California Court Broadens the Definition of Employee

California Court Broadens the Definition of Employee

In a recent case, the California Supreme Court broadened the definition of “employees” that are entitled to paid breaks and overtime benefits, as opposed to independent contractors, who are not.

Dynamex Operations West, Inc. v. Superior Court of Los Angeles County, 2018 Cal.LEXIS 3152 (Cal.Apr. 30, 2018).

Previously, California courts employed a multi-factor test to determine an individual’s status as an employee or independent contractor, which asked “whether the person to whom service is rendered has the right to control the manner and means of accomplishing the result desired.”   Under this test, Courts examined several factors to determine whether an independent contractor relationship existed,  including the right of the employer to discharge the individual, the skill required for the particular position, the length of services, how the individual is paid, the intent of the parties, and several others factors.

But in Dynamex Operations West, Inc. v. Superior Court of Los Angeles County, the Court threw the old test out the window in favor of a more broad“ABC Test,” which presumes a worker to be an employee  unless:

  1. The individual is free from the employer’s control and direction;
  2. The Individual performs work that is outside the usual course of the employer’s business; and
  3. The Individual customarily engages in an independently established trade, occupation, profession, or business of the same nature as that involved in the work performed.


What This Means for California Employers

The Dynamex decision and the ABC test will have a tremendous impact on employers by shifting the status of many workers from independent contractors to employees.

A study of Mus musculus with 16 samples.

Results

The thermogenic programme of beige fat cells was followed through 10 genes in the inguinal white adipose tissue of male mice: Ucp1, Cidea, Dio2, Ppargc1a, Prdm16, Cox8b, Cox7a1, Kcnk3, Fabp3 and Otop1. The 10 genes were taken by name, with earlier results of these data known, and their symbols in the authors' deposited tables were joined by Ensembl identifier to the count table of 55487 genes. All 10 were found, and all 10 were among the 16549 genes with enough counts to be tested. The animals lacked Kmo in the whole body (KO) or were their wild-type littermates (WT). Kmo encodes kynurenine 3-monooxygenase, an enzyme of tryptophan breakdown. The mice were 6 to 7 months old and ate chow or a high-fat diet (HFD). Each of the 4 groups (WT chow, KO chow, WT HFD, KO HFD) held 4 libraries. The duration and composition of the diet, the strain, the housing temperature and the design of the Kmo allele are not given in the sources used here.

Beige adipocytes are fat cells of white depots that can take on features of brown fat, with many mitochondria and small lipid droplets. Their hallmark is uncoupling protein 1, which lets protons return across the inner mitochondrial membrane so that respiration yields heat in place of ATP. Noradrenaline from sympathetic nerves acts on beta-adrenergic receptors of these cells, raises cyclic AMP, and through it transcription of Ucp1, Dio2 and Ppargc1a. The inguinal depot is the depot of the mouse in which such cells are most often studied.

For example, the second “B” prong of the ABC test requires employers to prove the worker performs work that is “outside the usual course” of the employer’s business.   If you operate a restaurant chain and have an independent contractor that provides janitorial services, then that person would not be held an employee under this prong, but what about companies operating in the gig economy, which offer services delivered by third parties?  If Uber is in the personal transportation business, then every independent driver is an employee under this prong, but if it’s a technology solutions provider that provides a mobile-based ride sharing platform to independent drivers, maybe the analysis would be different.

Note that Dynamex does not change the definition of independent contractor under federal law. Thus, an individual may be an employee under state law for overtime and paid break benefits, but not for federal purposes such as Social Security and payroll taxes.


Author: Seth Heyman
Seth D. Heyman is a California attorney with extensive experience in advertising and marketing law, corporate law, contracts, governmental regulations, international business, and Internet law. He has counseled numerous successful companies, both public and private, and was responsible for regulatory compliance, contract management, corporate governance, and HR best practices for multiple organizations in many diverse industries, including marketing, telecommunications, energy, and technology development. He offers insight and guidance on federal and state direct mail, TV, radio, telemarketing, and Internet marketing laws, as well as online promotions, Internet privacy, data protection regulations, and similar matters.